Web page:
Author Andy Rooney once said, “The best classroom in the world is at the feet of an elderly person.” I would agree with Andy Rooney and add that it’s a classroom where what goes unspoken is just as powerful as what is spoken. It’s a classroom powered by wisdom and lessons taught by example.
I’ll never forget my last year of high school. By that time everyone in my senior class had cars—and not just cars, but brand new cars, the best their parent’s money could buy. As a teenager, owning a car was the ultimate status symbol. It represented maturity, belonging, and most of all independence. It represented everything I desired, but didn’t have. My mom was a single parent who’d worked to put my older brother through college and was strained financially trying to afford private school tuition. A car for me was simply out of the question.
I’d cringe inwardly each afternoon as I walked out of the school and saw my grandfather’s rusty, white Oldsmobile parked faithfully at the curb, waiting to take me home. I balked at those red leather seats whose cushions were split, the A/C unit that didn’t work, and the seatbelts I had to tug on a few times before the tension would ease enough for me to buckle. My grandfather’s jovial smile, however, was always enough to quell my complaints as I’d settle in for the ride.
Those rides became everything. We’d sputter through various neighborhoods, both nice and shabby alike, assigning each other a house. My grandfather would assign me a shack barely standing on its foundation and I’d scan the street until I found an even more ramshackle house to assign him in return. It was our year-long inside joke.
During basketball and track season, I would have practice after school that would carry on for an hour or two, but I could always count on that white Oldsmobile to be waiting to take me home afterwards. I’d find my grandfather sitting in the Louisiana heat with his windows rolled down, reading a newspaper.
My grandfather knew I had a crazy, sweet-tooth and some days a candy bar or a Honeybun would be sitting on the passenger side waiting for me to devour before it became a melted, sticky mess. Those treats would sweeten those rides just a little. We’d stop at various places, on errands for my grandmother, and we’d always run into someone my grandfather knew. Because he’d lived in Baton Rouge all his life, it seemed like he knew everybody and people always seemed glad to see him.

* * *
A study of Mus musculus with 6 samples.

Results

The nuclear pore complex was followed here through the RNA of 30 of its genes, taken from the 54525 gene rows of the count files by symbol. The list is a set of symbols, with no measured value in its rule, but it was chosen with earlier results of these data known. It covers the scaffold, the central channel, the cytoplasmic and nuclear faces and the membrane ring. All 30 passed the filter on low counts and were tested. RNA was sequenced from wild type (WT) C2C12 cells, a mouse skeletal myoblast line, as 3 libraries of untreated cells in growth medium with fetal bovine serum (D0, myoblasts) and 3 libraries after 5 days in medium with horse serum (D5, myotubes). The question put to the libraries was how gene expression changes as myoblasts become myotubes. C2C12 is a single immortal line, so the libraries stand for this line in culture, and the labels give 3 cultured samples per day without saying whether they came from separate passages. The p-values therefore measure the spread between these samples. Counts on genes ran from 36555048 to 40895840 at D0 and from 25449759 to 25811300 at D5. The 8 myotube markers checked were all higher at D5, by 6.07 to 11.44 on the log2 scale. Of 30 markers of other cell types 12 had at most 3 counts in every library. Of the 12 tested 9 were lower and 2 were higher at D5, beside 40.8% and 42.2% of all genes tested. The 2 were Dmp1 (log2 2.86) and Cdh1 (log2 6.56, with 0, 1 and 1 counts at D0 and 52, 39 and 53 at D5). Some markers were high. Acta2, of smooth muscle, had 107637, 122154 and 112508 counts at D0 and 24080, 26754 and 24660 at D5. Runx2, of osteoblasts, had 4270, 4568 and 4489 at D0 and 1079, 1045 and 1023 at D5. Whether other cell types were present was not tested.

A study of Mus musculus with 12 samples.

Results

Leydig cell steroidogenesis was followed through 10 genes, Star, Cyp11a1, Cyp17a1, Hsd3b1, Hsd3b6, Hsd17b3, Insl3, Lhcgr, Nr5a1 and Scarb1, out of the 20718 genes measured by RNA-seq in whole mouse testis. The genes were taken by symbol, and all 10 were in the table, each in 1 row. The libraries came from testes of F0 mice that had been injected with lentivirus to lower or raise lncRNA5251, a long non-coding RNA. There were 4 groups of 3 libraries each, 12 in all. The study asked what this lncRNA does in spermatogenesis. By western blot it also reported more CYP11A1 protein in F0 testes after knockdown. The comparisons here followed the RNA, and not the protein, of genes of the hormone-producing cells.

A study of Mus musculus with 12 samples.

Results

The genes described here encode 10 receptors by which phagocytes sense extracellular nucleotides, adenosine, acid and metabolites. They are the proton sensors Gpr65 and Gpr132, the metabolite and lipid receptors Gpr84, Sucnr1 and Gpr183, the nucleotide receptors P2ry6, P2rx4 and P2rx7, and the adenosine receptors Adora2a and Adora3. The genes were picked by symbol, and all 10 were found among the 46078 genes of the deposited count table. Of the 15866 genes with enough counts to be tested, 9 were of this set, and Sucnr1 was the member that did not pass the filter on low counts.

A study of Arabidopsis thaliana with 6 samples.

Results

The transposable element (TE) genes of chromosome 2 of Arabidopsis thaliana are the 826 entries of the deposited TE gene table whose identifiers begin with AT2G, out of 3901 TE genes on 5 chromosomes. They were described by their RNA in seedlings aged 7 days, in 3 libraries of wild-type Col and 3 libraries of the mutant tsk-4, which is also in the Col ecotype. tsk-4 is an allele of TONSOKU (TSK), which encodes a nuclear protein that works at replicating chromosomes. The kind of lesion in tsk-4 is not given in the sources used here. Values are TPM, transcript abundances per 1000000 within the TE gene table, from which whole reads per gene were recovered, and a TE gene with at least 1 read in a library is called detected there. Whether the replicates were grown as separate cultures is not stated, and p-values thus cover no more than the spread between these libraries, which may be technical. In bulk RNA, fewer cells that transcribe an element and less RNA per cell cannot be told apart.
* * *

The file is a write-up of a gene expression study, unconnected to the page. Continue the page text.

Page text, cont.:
I didn’t fully appreciate those car rides home until our senior class went on a camping trip. Sitting around the campfire, each of us had to choose a classmate and identify something they admired about them. It was to happen randomly, so my heart raced as I waited for someone to pick me. “What quality or admirable trait did I possess among kids who had everything?” I silently wondered.
Finally, I heard my name called and a classmate said something that brought my entire senior year into focus. He said, “I admire your relationship with your grandfather. I wish I had the opportunity to get to know my grandfather like you know yours.”
All year I’d lamented having to be picked up from school like I was still a little kid, but I’d stumbled upon a treasure. I’d pined away for what I thought was gold, not realizing that everything that is golden doesn’t always glitter. That year my grandfather, inadvertently taught me what matters most in life—our relationships with others. Not our socioeconomic status. Not money or cars. Not even our popularity, but how we treat those around us. Do we see the intrinsic value in people? My grandfather inspired me to value people’s hearts and looking back I grew to value his heart. His heart was golden.
That lesson, that people are to be valued, not things, has stayed with me every day since and has proven invaluable to me time and time again. The elderly may have a little wear and tear from the toils and pressures of life, but just beneath the surface lie people of value, with wisdom to share, lessons to teach, and love to give.